Fire-ravaged building demolished as crews continue cleanup

The building that housed Janitor's Express was demolished Sunday as fire crews continued to monitor a blaze that began Friday evening and burned on and off throughout the weekend.

The building that housed Janitor's Express was demolished Sunday as fire crews continued to monitor a blaze that began Friday evening and burned on and off throughout the weekend.

The historic uptown building -- known as the Gale Building -- was razed Sunday morning. Sunday evening, fire still burned from within the remains and fire fighters continued to oversee the site, which was still blocked off from traffic.

Main Street in the area of the fire could be open to traffic sometime today.

Several flare-ups of the fire kept emergency personnel at work around the clock over the weekend. Assistant Fire Chief Steve Willis said Sunday that a cause has not yet been determined. All that is certain, he said, is that the fire started in the back -- or westernmost section -- of the building.

"We have no idea what the cause was yet, and we may never find out. It just takes time and we'll keep continuing to work on it, but right now it's undetermined," said Willis.


Janitor's Express Operations Manager James Deanovich, of Farmer, said he and his employees are figuring out a game plan.

"It's not going to happen right away. We are going to regroup and do everything we can to keep our accounts active," he said while commending fire crews for their efforts.

"We're probably going to put supplies in my garage and try to keep serving our customers," he said. "Everything in the building is a total loss."

Nearby businesses also were damaged.

Next door, the Merchandise Outlet Store received heavy smoke and water damage, as crews battled the blaze on the other side of the wall. Manager Kim Cross called it "probably a 90-100 percent loss."

"It's bad," said Cross, who has been working at the family business since 1971. "It's pretty hard to take."

Two doors down, Dr. Lucky's co-owner Justin Morrison said there was nearly two feet of water in the bar's basement and water also came through onto the main floor, through light fixtures. The extent of the damage is not yet known.

"We've got smoke and water damage and we really won't know the extent of it until it dries out. We kept heat on the building so it never froze. That was a good thing," said Morrison, who thanked the fire crews for saving the building.


"I don't think it's out of the question that we could be open (this) weekend," Morrison said. "Once we talk to the insurance adjustor on Monday, we'll know more."

Upstairs from Dr. Lucky's, Tim and Lisa Konrad's apartment also received smoke and water damage. They were not home at the time of the fire.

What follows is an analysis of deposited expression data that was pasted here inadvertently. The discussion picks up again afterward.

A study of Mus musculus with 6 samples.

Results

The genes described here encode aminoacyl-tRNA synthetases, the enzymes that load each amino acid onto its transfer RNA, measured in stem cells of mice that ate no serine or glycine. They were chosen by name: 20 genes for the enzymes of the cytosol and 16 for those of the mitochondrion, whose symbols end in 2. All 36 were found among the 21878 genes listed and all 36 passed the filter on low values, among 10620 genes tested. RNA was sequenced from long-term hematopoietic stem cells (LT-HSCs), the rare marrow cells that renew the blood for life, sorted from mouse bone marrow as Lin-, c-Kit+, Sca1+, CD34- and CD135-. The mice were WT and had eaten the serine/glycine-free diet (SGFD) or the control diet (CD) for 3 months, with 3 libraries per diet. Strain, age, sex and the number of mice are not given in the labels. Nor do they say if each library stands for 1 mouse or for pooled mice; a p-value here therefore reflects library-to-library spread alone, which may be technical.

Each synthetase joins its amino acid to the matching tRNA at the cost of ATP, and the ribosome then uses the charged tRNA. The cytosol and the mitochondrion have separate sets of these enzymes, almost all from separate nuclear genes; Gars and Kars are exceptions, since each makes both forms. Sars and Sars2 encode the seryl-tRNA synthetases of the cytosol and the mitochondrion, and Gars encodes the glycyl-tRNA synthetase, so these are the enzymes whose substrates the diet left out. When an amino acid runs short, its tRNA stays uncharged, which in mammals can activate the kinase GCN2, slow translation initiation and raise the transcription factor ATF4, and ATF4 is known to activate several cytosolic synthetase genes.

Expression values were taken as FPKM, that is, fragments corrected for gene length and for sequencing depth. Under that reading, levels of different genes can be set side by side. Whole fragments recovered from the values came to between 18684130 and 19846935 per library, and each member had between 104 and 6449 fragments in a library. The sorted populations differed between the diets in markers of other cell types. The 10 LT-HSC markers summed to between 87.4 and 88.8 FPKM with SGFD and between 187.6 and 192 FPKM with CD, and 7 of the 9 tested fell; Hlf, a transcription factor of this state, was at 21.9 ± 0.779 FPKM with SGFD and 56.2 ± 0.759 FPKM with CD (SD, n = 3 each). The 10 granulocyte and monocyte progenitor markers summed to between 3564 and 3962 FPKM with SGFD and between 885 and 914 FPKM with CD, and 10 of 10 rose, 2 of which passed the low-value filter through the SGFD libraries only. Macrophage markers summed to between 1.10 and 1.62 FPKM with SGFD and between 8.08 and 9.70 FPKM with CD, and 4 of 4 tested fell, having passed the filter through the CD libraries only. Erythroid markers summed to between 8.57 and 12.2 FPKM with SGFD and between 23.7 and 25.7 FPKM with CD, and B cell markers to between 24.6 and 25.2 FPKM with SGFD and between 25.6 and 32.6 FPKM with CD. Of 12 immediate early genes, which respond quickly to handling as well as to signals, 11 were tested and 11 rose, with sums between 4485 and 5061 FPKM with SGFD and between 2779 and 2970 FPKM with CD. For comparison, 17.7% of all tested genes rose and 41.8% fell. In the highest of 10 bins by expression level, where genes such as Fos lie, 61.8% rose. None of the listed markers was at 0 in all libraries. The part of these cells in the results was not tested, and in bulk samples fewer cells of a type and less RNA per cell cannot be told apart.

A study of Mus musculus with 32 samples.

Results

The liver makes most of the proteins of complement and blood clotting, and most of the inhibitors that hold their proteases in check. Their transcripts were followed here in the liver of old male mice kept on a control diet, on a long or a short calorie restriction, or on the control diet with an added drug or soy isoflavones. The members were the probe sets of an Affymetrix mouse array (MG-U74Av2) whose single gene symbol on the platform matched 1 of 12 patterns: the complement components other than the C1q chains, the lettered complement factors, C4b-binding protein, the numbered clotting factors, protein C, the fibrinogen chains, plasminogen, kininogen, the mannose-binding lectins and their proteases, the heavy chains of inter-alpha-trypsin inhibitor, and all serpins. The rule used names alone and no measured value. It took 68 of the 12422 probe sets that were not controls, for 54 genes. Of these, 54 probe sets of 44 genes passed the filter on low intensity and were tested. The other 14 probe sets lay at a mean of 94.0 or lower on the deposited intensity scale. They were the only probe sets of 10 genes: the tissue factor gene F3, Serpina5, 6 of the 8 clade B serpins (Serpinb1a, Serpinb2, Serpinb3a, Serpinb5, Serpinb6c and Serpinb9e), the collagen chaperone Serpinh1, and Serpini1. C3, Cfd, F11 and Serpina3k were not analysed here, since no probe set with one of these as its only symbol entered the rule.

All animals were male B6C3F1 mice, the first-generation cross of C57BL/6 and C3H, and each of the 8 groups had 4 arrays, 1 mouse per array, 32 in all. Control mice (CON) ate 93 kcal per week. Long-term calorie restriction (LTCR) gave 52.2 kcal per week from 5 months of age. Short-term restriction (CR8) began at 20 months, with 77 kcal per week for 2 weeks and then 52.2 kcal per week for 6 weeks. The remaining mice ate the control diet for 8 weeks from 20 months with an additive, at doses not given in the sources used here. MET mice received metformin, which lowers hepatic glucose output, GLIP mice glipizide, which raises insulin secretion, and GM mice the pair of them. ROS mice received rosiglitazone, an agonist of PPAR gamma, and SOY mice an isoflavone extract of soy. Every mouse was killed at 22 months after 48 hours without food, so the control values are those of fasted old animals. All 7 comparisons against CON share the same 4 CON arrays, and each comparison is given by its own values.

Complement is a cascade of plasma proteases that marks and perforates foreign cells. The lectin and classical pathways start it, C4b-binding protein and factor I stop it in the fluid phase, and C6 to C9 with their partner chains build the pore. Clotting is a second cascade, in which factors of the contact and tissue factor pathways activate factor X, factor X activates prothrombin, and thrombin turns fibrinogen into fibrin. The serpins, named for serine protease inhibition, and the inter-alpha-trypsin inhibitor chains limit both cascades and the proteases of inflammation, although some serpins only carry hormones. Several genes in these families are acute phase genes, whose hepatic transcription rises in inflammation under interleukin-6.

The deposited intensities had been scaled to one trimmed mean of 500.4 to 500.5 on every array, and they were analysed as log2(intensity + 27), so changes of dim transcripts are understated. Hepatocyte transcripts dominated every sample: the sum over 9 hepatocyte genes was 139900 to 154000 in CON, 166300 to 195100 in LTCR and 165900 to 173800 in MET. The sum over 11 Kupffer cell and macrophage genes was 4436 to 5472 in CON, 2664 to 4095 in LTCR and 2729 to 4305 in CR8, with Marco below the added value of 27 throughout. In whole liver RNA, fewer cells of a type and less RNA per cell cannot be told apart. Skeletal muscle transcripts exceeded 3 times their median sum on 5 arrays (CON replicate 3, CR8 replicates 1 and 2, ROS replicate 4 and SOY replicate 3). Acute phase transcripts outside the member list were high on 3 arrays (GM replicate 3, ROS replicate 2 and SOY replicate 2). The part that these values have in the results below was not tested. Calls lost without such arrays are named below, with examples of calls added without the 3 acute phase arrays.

Next door to Dr. Lucky's, Geyerman's Clothing Co. received smoke damage. Co-owners Patty Forseth and Tammy Vandyke, of Pipestone, Minn., drove to Mitchell early Saturday morning to survey the damage. The two decided to put a lighthearted spin on the situation and posted signs proclaiming "Fire Sale" and "Smokin' Hot Deals." The sale will begin Tuesday.

"Hopefully, the smoke smell won't be significant," said Forseth, "It's a sad sight to see, especially this time of year. If we can break even, I'll be pleased with that. I think we will because the Mitchell community has been very supportive -- we'll all get through it together."

Forseth, like many others, said it could have been worse.

"It could have been devastating," she said. "We are lucky that it was the only damage we had."

Three firefighters were treated for injuries Friday -- one with a twisted ankle, another with a knee injury, and one for exhaustion.

According to Mitchell Fire Capt. Paul Morris, crews put out the fire's most significant flames at around 2:45 Saturday morning. It flared up again around 5:30 a.m., and again at 1 p.m.


Flames were again shooting out from the basement at 4 p.m. Saturday. Emergency personnel kept an eye on the building Saturday morning -- many with very little sleep.

"Everything has collapsed into the main floor and basement, and so you're always going to have hot embers in there. Because of the danger of going into the building like this, there's nowhere to go -- we can't get every little spot. The cold temperatures and the ice makes everything 10 times harder," said Morris.

Morris said flare-ups in a fire such as this are typical and Willis said the long process of completely extinguishing the fire is normal.

"The big thing is that it's creating a lot of smoke, and some of the businesses on Main Street are getting that damage and we want to get this thing taken care of," said Willis.

The cause for the large amount of smoke probably is two or three pickup loads of coal in storage in the basement, Willis said.

"We are thrilled about the way it went -- not that there was a fire, but that we kept it from going into the next building," said Willis. "The guys worked hard, our surrounding mutual aid departments worked hard and we stopped it and that was our main goal. It's better than what the alternative is. We could have been 300 feet down the block doing this same thing. That would have been devastating."